The obvious reason is that the speed of the transfer varies over time, and so does the average, and so does prediction. To explain this to a non-tech friend, I've used an analogy involving travel by air. You're going to fly over the Atlantic. When you arrive with a taxi at the departing airport, your ETA is about two months. When you disembark at the arriving airport, based on your average speed so far, you will reach your friend's house in 5 seconds.
But you need to appreciate how much the speed can actually vary, even with what seems like a predictable scenario, like copying files within the same disk, or between two local disks. One of the new features I like in Windows 8 is the ability to graph the speed over time if you click "more details". If you don't have access to a Windows 8 machine, search images for Windows 8 copy dialog for a lot of examples. Many of them are fairly flat, but many of them are also disturbingly bumpy, to the point that you wonder whether the hard drive is actually healthy, when it dips to zero.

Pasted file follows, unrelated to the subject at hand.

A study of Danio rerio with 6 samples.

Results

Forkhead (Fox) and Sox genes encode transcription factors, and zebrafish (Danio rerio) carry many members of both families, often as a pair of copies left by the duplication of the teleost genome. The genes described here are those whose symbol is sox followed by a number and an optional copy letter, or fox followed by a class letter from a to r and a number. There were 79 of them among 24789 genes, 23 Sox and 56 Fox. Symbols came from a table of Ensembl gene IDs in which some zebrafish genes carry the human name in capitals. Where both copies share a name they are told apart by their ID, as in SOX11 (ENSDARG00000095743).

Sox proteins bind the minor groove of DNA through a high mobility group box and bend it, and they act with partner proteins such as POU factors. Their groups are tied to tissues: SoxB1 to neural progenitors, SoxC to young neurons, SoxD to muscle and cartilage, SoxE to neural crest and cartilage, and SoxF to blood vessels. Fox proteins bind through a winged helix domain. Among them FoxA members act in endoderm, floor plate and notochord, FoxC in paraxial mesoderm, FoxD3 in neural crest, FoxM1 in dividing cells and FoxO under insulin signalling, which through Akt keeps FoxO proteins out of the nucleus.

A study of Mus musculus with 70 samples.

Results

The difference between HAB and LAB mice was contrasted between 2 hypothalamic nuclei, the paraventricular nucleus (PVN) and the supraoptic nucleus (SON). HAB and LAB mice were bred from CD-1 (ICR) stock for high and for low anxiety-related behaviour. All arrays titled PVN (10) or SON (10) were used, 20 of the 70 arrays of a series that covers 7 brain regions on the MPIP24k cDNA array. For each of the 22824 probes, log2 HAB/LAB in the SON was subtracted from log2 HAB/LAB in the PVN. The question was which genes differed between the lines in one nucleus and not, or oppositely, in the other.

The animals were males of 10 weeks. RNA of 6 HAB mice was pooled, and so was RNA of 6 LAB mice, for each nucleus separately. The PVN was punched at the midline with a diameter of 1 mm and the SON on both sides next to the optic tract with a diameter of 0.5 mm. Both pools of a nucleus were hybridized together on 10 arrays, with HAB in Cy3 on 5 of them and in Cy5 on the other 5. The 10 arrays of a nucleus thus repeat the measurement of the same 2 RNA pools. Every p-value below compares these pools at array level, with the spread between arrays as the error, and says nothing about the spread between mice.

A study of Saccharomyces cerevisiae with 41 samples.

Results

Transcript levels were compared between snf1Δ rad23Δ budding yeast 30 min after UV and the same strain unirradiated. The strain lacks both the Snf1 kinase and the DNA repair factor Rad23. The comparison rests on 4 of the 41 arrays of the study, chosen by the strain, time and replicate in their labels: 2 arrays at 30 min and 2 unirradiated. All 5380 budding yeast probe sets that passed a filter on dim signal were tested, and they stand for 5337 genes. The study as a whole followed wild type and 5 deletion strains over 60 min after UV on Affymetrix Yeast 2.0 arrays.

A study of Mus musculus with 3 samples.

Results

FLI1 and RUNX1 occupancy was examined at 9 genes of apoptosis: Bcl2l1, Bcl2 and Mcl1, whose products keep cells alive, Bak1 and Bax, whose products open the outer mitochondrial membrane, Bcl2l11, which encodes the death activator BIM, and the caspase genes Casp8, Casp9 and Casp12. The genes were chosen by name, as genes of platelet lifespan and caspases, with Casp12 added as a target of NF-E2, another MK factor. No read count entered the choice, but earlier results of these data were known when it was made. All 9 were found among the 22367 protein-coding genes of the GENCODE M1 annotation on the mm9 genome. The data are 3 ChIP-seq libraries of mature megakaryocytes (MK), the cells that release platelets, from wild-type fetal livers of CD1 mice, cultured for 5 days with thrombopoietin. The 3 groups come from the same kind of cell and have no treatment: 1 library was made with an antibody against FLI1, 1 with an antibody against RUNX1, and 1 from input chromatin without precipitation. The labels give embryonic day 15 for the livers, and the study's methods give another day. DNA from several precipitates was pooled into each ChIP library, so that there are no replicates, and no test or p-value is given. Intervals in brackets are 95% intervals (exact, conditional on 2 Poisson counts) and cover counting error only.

Some of these bumps are likely due to variations in file size—smaller fields yield more accesses, which slows things down, especially on a mechanical hard drive which has to seek by moving its read head—but some it might just be a cheap drive which stalls on the slightest touch to prevent damage to the platters.
There are better and worse ETA prediction algorithms, but for an accurate prediction, the computer would have to be all-knowing. The risk of trying to make the algorithm "smart" is that it might create new, unforeseen, cases where it's even more hilariously wrong.